Journal of Interdisciplinary Dentistry

LETTER TO EDITOR
Year
: 2012  |  Volume : 2  |  Issue : 2  |  Page : 145-

Labial-cervical vertical groove


Joseph Thomas 
 Senior Lecturer, Mahe Institute of Dental Science, Mahe, U T of Pondycherry, India

Correspondence Address:
Joseph Thomas
Senior Lecturer, Mahe Institute of Dental Science, Mahe, U T of Pondycherry
India




How to cite this article:
Thomas J. Labial-cervical vertical groove.J Interdiscip Dentistry 2012;2:145-145


How to cite this URL:
Thomas J. Labial-cervical vertical groove. J Interdiscip Dentistry [serial online] 2012 [cited 2019 Jul 19 ];2:145-145
Available from: http://www.jidonline.com/text.asp?2012/2/2/145/100613


Full Text

Dear Editor,

This letter is to add some more information on the dental anomaly reported by Srinivasan and Pradeep, [1] called the facial radicular groove. This malformation, a notch which starts on the cervical enamel and extends to the radicular surface has also been termed as labial-cervical vertical groove (LCVG) or labiogingival notch., [2],[3] The prevalence of this labial notch on the maxillary central incisors is said to range from 4.5% in a study by Mass et al. [2] to 6.5% in the study by Brin and Ben-Bassa. [4] In a study conducted by Shpack et al., [3] out of 1250 patients examined, 66 exhibited LCVG (5.3%) in one of the upper incisors. LCVG was present mostly in single configuration (71.2%) with a significantly more distribution in the central incisors (94%). The etiology of this defect was earlier though to be due to trauma to the developing tooth bud, [5] but now it is considered as a developmental defect due to the vertical extension of the mamelon groove. [3]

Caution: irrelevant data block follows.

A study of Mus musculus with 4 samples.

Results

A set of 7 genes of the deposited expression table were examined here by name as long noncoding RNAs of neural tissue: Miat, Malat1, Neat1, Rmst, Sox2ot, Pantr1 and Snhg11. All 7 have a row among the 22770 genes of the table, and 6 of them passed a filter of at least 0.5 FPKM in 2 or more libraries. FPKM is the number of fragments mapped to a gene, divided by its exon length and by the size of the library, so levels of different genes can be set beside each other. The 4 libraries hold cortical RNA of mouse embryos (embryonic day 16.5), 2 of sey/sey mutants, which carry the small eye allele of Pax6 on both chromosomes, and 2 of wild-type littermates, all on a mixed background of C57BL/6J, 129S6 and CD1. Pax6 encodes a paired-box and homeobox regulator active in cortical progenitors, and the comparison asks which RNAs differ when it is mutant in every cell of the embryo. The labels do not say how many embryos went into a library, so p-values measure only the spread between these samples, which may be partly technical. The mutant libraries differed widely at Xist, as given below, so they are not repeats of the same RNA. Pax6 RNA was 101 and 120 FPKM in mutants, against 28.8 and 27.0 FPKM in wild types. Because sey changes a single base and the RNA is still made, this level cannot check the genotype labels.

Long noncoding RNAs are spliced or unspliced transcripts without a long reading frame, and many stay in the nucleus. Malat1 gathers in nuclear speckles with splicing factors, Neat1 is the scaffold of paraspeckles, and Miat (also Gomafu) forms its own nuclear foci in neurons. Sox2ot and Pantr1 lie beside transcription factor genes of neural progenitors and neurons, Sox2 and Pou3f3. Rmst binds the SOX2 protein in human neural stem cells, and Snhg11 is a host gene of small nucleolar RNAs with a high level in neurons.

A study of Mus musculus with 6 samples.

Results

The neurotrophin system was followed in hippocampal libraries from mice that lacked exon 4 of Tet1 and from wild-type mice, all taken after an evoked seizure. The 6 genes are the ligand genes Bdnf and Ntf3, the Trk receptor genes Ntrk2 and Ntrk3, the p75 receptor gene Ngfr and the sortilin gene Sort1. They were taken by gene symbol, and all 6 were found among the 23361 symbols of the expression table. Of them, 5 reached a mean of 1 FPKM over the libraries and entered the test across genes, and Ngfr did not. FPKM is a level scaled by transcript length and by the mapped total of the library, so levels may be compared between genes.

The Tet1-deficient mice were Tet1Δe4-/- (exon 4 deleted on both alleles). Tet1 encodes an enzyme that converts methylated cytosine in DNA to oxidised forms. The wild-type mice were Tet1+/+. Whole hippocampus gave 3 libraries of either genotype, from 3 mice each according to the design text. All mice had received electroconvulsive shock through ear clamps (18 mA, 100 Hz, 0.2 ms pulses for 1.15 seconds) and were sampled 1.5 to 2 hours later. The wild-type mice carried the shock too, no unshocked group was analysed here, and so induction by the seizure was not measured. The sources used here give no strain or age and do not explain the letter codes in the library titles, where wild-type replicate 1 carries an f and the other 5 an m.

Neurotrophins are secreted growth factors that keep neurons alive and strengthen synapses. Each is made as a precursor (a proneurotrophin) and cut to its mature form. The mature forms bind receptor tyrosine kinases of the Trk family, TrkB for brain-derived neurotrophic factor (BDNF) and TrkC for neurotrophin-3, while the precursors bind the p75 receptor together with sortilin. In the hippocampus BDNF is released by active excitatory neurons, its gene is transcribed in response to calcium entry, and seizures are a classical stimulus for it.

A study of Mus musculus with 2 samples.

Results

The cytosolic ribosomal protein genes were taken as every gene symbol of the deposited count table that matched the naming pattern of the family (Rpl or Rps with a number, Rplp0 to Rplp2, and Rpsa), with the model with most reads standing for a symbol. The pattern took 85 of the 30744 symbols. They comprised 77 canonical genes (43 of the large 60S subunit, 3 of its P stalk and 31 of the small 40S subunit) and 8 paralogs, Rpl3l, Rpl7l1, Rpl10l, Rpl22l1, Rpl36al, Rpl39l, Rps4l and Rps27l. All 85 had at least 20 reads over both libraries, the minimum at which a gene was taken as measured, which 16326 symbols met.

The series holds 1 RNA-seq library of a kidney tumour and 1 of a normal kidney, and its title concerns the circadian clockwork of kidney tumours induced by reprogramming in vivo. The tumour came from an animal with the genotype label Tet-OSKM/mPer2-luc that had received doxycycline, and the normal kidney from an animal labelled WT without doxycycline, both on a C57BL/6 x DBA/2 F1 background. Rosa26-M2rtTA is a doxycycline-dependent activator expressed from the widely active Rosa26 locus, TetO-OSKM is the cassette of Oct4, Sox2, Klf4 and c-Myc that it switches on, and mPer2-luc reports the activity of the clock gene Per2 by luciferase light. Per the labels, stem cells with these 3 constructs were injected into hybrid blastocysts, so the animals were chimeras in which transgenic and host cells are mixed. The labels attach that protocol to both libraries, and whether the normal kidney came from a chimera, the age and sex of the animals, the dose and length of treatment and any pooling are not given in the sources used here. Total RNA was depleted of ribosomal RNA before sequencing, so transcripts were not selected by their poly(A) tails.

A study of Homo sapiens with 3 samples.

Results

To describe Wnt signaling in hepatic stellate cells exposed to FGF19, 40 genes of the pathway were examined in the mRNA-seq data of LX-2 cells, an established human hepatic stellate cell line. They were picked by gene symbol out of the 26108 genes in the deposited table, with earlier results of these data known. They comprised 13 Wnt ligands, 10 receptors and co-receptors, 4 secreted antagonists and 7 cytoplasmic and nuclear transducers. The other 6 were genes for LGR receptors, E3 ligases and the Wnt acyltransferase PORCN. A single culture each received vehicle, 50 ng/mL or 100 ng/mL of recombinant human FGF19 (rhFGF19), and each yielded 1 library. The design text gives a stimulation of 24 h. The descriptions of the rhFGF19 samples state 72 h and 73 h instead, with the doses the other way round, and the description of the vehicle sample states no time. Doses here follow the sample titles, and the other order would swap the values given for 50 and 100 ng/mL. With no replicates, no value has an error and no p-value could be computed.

The depth of this notch can vary from a short shallow depression to a deep groove extending apically. Shallow defect are usually not associated with any change in gingival contour and are identifiable only by probing, whereas deeper defects can result in irregular contour of the marginal gingiva. [5] In case of unaesthetic appearance of the incisors, placement of restoration and gingival recontouring can be carried out. Besides the aesthetic concern, these defects can predispose the tooth to periodontal problems as described in the case report by Srinivasan and Pradeep. [1] Therefore, the dentist should alert the patient about this deformity so that cautious oral hygiene can be implemented. Misdiagnosis of this anomaly for cervical caries or cervical root resorption may lead to unnecessary invasive treatment. [5] Hence it is important for clinicians to consider this entity in the differential diagnosis of enamel defects.

References

1Srinivas TS, Pradeep NT. Bilateral facial radicular groove in maxillary incisor. J Interdiscip Dent 2012;2:41-3.
2Mass E, Aharoni K, Vardimon AD. Labial-cervical-vertical groove in maxillary permanent incisors--prevalence, severity, and affected soft tissue. Quintessence Int 2005;36:281-6.
3Shpack N, Dayan T, Mass E, Vardimon AD. Labial cervical vertical groove (LCVG) distribution and morphometric characteristics. Arch Oral Biol 2007;52:1032-6.
4Brin I, Ben-Bassat Y. Appearance of a labial notch in maxillary incisors: A population survey. Am J Phys Anthropol 1989;80:25-9.
5Ben-Bassat Y, Brin I. The labiogingival notch: An anatomical variation of clinical importance. J Am Dent Assoc 2001;132:919- 21.